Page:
According to the FDA, "aspirin shouldn't be used to prevent heart attacks for people who have never had cardiovascular problems."
The agency said aspirin may help prevent a second heart attack, but if you've never had one then the risks of aspirin are not worth the daily dose.
"Bleeding from the stomach is quite common, more rarely bleeding in the brain. so, if you have a low risk of a heart attack then the bleeding risk may overwhelm any potential benefit of aspirin," said Dr. Steve Nissen, a cardiologist at Cleveland Clinic.
Annie Barnes, who lives at Presbyterian Senior Services Grandparent Family Apartments in the Bronx, aspirin takes daily. "If the doctor prescribed it and you know you had trouble with your heart, then you should try it."
But Gail Fedele, who also lives at the apartment complex in the Bronx and takes aspirin regularly, found the FDA message confusing. "On one side, it says it's harmful. On the other side, it says it doesn't, so what am I supposed to do, stop taking aspirin?"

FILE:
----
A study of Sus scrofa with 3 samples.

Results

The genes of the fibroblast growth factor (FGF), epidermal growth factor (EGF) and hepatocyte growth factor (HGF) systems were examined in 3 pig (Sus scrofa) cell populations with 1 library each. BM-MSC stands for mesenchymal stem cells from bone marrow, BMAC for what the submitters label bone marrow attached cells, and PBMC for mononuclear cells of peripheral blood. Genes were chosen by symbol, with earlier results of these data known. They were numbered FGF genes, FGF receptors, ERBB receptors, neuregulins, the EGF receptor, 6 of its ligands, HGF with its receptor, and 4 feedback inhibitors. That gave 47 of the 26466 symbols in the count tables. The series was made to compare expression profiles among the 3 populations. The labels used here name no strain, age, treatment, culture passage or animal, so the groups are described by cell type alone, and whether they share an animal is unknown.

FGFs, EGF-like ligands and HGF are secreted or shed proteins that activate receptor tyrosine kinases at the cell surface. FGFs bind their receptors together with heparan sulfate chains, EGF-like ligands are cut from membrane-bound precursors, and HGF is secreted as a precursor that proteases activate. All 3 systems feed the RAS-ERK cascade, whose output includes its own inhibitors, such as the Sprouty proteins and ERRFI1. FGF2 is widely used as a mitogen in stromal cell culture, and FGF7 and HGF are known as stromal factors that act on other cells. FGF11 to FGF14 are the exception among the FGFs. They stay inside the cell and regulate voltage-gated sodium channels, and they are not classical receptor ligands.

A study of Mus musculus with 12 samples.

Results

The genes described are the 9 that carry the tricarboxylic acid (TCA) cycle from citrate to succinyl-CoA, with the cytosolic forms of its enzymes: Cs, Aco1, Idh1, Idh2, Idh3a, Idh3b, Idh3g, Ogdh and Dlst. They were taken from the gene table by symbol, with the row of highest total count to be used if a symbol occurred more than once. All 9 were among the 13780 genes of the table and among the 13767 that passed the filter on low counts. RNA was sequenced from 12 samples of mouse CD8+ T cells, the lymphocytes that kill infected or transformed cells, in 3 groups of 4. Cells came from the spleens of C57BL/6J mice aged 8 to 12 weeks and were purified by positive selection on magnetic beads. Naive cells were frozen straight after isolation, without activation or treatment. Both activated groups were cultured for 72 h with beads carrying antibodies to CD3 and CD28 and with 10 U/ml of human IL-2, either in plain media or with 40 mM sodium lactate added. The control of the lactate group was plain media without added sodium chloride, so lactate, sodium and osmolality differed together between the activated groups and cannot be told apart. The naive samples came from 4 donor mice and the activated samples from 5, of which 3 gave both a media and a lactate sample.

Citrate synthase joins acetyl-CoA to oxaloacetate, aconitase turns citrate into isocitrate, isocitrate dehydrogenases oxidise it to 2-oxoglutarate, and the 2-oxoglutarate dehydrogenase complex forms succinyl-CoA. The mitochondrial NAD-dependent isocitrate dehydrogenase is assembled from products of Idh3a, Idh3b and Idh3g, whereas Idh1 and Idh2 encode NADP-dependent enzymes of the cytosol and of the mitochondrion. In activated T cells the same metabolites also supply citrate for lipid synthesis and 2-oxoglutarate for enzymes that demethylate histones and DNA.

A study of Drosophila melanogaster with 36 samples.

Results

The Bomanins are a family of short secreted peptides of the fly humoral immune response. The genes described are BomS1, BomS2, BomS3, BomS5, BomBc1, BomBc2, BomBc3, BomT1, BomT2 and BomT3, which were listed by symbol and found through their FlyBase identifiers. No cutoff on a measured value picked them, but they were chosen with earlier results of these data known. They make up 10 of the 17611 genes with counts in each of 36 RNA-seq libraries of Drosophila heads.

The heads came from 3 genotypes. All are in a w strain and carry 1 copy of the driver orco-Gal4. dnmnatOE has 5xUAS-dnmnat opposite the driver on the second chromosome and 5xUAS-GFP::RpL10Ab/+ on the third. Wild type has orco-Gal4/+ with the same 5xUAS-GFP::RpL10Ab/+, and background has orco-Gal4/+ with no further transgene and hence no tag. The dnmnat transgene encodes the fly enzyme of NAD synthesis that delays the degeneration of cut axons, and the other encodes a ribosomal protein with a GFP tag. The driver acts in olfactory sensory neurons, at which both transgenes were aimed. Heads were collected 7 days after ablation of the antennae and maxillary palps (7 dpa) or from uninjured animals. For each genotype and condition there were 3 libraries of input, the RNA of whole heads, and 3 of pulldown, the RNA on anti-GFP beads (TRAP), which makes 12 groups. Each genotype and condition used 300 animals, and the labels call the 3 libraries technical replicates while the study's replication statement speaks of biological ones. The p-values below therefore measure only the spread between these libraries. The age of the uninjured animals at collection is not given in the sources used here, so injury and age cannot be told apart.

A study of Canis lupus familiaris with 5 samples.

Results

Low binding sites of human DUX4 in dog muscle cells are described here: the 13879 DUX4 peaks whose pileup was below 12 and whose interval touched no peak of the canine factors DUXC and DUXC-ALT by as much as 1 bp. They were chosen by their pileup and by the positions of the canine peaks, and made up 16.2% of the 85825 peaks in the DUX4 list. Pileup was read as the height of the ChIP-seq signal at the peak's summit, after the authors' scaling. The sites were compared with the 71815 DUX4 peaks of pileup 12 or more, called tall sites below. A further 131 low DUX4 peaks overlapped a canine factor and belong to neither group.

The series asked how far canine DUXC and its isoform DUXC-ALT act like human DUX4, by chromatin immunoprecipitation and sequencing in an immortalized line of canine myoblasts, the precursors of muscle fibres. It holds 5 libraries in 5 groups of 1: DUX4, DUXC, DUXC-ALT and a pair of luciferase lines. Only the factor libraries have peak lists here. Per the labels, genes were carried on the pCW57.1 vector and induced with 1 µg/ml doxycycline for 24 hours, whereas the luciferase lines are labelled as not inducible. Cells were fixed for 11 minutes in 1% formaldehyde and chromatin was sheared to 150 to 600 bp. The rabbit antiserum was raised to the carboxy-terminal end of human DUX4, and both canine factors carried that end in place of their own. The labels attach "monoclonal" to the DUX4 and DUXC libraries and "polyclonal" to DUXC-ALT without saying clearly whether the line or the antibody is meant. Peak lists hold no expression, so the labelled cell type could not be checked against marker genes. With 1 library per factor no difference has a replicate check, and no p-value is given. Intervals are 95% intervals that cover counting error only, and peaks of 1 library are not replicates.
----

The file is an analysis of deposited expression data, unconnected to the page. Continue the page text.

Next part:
The ongoing debate came to new light when the Bayer brand asked to market aspirin as a method of preventing primary heart attacks in otherwise healthy people. The FDA said no. Aspirin has been around since the 1800s, but critics said if it hit the market today there would be tougher warnings and it may not be over the counter.
For patients at risk of heart disease, it's still not black and white.
"It's somebody that has every risk factor -- high blood pressure, high cholesterol, strong family history, diabetes -- if you have all of those things ? then some of those people we will treat with aspirin, but it's not very many."
Figuring which people can benefit is the topic of ongoing studies.
For more information, go to the FDA website.